Mark Hodson spent 12 years as a travel journalist for The Sunday Times before building a business online. In 2009 he co-founded 101 Holidays, a travel inspiration website, along with fellow writer David Wickers and Catherine Leech, who had worked in travel PR, destination marketing and as managing director of a luxury tour operator. They now have five niche travel websites – focused on honeymoons, family holidays, short breaks and USA holidays.

1. Why did you set up your business?

I fell in love with the internet from day one. I’d been writing about online travel since 1996 and had played around with a couple of personal websites, but I never seemed to find a travel site that was both inspiring and trustworthy to me. We thought it might be possible to take the expertise of newspaper journalists and create a commercially-viable format online that made their knowledge accessible. There was another, more personal, reason: it was increasingly clear to me that the newspaper industry was struggling with commissions drying up, freelance rates falling dramatically and many publications looking for writers that would work for free. The prospects for a freelance travel journalist didn’t look rosy.

2. Describe what’s unique about your business?

In terms of the website itself, we had several aims: we wanted to use images as a way for users to explore the site, which we felt nobody had done before; and we wanted a fresh, uncluttered look, so we decided we wouldn’t allow any display ads on the site. Behind the scenes we created a unique revenue share scheme for our editors, who all work on a part-time basis for us, but receive a guaranteed monthly income and an annual bonus when we exceed our revenue targets (which we’ve done on a regular basis). At a time when other sites were creating models that paid writers in pennies, we were able to pay decent money to experienced journalists.

3. Have you made any mistakes and what did you learn from them?

I think we’ve managed to minimise the damage from any mistakes we’ve made by being agile, transparent and ready to question every decision. If a strategy isn’t working we’re prepared to admit as much and abandon it right away. Where we did get it wrong for a while was in our pricing. As our traffic volumes grew sharply in years two and three we weren’t sufficiently bold in putting up our prices, and that became difficult to rectify. Some people think our rates are still too low today, but we tend to err on the side of caution.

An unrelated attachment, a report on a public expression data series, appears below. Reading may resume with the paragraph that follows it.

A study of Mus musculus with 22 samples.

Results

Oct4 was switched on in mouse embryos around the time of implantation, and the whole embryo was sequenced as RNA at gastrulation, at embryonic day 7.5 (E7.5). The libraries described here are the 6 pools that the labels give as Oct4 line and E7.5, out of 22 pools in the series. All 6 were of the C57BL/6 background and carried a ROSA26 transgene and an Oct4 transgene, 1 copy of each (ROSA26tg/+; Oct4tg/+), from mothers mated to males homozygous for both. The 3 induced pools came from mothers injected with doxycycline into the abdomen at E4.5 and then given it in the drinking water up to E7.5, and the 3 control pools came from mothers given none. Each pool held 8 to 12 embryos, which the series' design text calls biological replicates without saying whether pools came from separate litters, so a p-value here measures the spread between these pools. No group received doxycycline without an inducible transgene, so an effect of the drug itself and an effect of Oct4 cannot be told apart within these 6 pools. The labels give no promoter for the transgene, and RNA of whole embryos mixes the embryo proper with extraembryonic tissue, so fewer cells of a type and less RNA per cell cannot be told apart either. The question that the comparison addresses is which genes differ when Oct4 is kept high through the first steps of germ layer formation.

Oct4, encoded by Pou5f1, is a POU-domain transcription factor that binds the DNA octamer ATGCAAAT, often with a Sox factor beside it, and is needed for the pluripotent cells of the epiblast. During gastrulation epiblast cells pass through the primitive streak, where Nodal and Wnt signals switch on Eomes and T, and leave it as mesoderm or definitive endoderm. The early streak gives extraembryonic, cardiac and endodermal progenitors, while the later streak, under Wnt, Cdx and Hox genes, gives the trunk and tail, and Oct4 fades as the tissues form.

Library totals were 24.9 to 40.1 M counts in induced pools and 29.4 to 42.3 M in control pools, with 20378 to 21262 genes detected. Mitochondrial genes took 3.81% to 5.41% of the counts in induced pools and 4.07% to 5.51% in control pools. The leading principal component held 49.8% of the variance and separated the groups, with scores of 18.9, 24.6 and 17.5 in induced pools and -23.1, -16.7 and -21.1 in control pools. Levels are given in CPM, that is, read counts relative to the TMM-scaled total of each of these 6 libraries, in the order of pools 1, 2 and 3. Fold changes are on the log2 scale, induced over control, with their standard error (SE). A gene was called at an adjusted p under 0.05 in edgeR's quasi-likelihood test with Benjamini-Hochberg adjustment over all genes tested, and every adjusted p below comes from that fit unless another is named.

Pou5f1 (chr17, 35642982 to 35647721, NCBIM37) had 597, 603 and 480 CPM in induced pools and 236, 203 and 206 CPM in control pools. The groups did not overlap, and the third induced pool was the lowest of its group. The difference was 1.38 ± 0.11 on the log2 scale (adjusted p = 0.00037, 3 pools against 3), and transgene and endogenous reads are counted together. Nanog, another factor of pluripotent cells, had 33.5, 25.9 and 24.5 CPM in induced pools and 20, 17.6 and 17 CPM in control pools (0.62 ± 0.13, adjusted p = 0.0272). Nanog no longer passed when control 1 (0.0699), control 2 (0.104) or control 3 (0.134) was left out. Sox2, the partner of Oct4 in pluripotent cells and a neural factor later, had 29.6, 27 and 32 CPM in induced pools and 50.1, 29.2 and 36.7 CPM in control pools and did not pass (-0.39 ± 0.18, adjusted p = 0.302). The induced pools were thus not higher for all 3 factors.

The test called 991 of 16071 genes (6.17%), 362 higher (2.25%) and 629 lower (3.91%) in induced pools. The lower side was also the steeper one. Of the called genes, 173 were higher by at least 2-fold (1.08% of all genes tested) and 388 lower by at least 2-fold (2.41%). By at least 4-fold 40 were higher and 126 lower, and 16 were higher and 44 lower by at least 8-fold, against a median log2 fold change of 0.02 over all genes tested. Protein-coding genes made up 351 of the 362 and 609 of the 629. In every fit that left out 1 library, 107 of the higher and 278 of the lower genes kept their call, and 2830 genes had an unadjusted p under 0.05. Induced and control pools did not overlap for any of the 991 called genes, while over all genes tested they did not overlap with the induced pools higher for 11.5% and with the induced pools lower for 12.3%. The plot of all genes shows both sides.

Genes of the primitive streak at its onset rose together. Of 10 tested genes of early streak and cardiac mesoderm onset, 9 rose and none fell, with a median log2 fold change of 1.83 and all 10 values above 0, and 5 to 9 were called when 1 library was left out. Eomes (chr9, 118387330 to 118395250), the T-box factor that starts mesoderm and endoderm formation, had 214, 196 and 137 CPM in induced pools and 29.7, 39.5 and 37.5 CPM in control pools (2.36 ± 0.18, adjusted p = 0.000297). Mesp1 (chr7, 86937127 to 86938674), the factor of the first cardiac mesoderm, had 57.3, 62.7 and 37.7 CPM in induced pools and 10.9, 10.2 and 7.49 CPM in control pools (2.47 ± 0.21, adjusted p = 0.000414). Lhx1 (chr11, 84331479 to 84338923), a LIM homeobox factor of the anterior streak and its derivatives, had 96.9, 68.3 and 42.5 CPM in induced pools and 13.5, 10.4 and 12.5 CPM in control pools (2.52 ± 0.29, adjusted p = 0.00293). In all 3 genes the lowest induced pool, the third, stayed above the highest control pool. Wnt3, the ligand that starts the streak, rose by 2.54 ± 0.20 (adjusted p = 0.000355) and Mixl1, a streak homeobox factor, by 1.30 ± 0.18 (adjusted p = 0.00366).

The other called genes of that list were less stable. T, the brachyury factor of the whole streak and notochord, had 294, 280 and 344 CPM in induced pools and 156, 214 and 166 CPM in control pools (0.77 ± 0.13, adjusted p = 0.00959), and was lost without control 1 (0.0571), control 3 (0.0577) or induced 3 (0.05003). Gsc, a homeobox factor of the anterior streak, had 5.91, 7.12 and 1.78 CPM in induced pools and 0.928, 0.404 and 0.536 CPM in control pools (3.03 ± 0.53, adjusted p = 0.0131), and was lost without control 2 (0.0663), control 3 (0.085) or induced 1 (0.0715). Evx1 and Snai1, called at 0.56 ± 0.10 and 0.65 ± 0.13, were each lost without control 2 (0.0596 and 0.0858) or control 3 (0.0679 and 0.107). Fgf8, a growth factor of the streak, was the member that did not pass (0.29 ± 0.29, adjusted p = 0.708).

4. What advice would you give to anyone thinking of setting up a business?

Because it’s so easy to set up a website, it’s tempting to jump straight into an online business, but I would urge anyone thinking of doing this to spend a lot of time researching the market and thinking hard about where they can add value. Companies that got to the web in its early stages have a huge advantage over newcomers, so you need to be not just as good as your competitors, but better. Don’t just think about product – how you market yourself online is just as important. Also, think very carefully about who you go into business with, your exact roles and responsibilities, and whether your long term goals align. Going into business with a friend could be a bad idea for some, but find a good business partner with different but complementary experience and skills and you can soar.

5. Tell us about your work life balance.

Like a lot of people I know, I don’t really have a clear delineation between work and leisure, and I like it that way. I love my work and I get to travel fairly regularly, which is what ultimately inspires me. At the weekend I’ll deal with work emails because I don’t see the point of waiting until Monday, and I wouldn’t want to get to my desk on Monday morning and find 200 messages in my inbox. That said, at least once a year I spend a week abroad totally off grid with no communication with the outside world, and I find that incredibly exciting and relaxing.